PITTSBURGH (KDKA) -- He's not yet a household name, but U.S. Senate candidate Rick Saccone may be best known for his campaign to bring back the motto – "In God We Trust" -- to public buildings and schools.
"Praise the Lord. I am so glad to be here," Saccone, a Pennsylvania representative from the Mon Valley, told a rally back then.
Referring to the state Capitol, he noted, "Just take a look around this building. It's full of 50 references to God and the Scripture and the Bible. It's everywhere."
Now Saccone, a conservative Republican, wants to replace U.S. Sen. Bob Casey, a Democrat who, says Saccone, is now more liberal than moderate.
"Bob Casey has become defiant on that and is moving further to the left," Saccone told KDKA political editor Jon Delano on Wednesday.
Saccone says Pennsylvanians who elected Donald Trump need a senator who will back a new agenda, which includes, "smaller government, lower taxes, reduce government regulations, repeal and replace Obamacare, conservative Supreme Court justices, rebuilding our military, protecting our veterans, enhancing our Second Amendment rights, protecting our unborn, fighting terrorism, eliminating and annihilating ISIS."
A career U.S. Air Force man before retiring, earning a Ph.D. and then teaching full-time at St. Vincent College before winning a seat in the state House in 2010, Saccone says his Christian faith is important but not determinative.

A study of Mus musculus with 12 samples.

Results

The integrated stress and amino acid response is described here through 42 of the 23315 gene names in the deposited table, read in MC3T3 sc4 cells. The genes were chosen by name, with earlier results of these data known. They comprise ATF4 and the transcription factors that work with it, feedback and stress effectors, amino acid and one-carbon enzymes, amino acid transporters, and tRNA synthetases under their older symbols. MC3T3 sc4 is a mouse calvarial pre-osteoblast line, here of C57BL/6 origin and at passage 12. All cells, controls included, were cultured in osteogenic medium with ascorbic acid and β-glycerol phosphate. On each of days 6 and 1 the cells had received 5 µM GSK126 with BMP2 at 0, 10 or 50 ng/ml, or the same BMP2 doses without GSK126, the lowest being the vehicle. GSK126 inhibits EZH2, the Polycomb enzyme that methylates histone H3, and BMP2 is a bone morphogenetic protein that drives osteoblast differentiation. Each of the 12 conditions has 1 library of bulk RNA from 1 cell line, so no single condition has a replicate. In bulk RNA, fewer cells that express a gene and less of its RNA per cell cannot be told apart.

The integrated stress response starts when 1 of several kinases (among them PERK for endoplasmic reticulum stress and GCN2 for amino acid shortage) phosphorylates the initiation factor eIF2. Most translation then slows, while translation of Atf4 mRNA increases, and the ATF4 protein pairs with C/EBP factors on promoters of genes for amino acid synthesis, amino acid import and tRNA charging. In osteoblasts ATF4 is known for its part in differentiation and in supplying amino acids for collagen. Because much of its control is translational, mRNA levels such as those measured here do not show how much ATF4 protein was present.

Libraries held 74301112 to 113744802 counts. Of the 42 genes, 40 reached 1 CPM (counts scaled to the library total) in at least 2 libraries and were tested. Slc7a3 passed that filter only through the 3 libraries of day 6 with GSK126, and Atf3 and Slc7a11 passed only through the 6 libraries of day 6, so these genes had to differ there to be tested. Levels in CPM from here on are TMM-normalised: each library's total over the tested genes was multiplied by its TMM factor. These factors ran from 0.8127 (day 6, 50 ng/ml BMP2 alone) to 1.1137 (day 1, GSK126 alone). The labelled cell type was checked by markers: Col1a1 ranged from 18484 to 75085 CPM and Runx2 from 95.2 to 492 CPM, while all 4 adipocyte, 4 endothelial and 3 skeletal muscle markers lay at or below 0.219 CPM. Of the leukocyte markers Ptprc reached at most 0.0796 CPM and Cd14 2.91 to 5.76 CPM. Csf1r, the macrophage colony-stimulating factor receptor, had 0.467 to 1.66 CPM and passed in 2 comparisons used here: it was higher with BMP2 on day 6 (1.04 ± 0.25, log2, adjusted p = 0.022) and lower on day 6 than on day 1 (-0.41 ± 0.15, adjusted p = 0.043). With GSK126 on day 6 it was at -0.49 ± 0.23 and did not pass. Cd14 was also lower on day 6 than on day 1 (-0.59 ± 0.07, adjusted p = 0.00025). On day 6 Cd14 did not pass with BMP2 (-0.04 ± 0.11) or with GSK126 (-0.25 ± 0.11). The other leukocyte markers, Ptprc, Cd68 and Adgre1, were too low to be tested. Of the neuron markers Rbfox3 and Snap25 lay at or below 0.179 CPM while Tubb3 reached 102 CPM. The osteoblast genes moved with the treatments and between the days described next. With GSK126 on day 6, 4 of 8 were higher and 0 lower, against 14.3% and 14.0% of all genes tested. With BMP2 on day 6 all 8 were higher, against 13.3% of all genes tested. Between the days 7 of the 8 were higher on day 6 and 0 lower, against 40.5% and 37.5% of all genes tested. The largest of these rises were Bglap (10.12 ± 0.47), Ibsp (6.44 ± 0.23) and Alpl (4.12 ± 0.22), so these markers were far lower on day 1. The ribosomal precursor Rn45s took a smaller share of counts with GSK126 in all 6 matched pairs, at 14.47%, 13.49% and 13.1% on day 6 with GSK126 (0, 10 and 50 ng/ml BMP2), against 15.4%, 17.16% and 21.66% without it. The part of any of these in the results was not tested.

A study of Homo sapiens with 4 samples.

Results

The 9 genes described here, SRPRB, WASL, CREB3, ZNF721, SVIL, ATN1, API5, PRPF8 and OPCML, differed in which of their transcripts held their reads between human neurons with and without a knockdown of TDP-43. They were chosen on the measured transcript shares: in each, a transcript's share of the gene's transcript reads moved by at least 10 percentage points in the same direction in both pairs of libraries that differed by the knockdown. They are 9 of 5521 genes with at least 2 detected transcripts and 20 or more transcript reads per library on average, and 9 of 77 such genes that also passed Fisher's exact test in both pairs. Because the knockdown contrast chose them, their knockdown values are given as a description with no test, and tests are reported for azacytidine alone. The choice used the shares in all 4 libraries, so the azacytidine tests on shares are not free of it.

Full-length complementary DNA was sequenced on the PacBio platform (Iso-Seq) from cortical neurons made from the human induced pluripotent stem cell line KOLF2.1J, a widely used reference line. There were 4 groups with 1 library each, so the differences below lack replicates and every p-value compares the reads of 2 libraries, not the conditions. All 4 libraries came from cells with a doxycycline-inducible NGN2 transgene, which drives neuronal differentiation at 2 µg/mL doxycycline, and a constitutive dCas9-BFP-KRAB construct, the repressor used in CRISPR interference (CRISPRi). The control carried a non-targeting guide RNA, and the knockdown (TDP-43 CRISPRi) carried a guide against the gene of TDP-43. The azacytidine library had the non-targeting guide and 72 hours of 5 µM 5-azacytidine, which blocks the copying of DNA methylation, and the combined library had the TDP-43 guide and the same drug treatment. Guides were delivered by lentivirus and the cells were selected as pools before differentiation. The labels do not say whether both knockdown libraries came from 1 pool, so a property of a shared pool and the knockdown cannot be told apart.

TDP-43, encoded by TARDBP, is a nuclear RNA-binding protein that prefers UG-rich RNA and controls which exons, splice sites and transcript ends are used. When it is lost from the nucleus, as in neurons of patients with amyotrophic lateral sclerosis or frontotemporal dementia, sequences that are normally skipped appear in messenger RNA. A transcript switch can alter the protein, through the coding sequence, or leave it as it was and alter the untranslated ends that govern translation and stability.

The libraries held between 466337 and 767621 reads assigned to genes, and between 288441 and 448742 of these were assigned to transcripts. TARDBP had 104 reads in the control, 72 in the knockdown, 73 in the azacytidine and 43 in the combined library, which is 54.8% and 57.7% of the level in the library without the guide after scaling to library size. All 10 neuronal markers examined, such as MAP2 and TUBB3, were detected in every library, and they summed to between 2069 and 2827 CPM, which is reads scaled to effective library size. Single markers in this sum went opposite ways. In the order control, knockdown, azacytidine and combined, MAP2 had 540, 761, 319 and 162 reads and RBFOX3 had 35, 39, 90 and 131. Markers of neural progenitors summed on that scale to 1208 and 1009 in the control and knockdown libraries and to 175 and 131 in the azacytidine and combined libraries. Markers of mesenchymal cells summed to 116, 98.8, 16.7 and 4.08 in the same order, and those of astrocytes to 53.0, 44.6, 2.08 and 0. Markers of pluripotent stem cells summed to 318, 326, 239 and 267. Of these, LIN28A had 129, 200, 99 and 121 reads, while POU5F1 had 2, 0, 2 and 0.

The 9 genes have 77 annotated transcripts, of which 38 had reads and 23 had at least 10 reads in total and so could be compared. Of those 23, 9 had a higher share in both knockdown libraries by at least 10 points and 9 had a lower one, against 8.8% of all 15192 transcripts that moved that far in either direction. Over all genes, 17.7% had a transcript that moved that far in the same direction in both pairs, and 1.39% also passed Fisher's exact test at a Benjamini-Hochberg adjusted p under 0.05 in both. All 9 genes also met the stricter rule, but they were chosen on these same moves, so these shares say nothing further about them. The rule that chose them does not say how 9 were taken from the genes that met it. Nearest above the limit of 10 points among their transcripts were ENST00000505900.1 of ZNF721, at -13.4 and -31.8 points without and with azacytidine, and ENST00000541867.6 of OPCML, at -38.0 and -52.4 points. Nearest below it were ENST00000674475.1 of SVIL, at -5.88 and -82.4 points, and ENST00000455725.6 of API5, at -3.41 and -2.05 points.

"I look at all the evidence on every issue. That's how I make my decisions. Do I have a worldview that is Biblical? Yes, but I look at all the evidence, always have."
And Saccone certainly does not mind the comparison with Donald Trump.
"I was Trump before there was Trump," Saccone told Delano. "You know I ran in 2010 on these same issues. I sometimes say, I'm Trump without the money."
But it will take a lot of money to defeat an incumbent like Bob Casey.
Saccone may have other hurdles to overcome.
He believes that some in the Republican establishment may try to stop him from winning the nomination, just as they tried to stop Donald Trump.
But, so far, he's the only announced Republican in the race.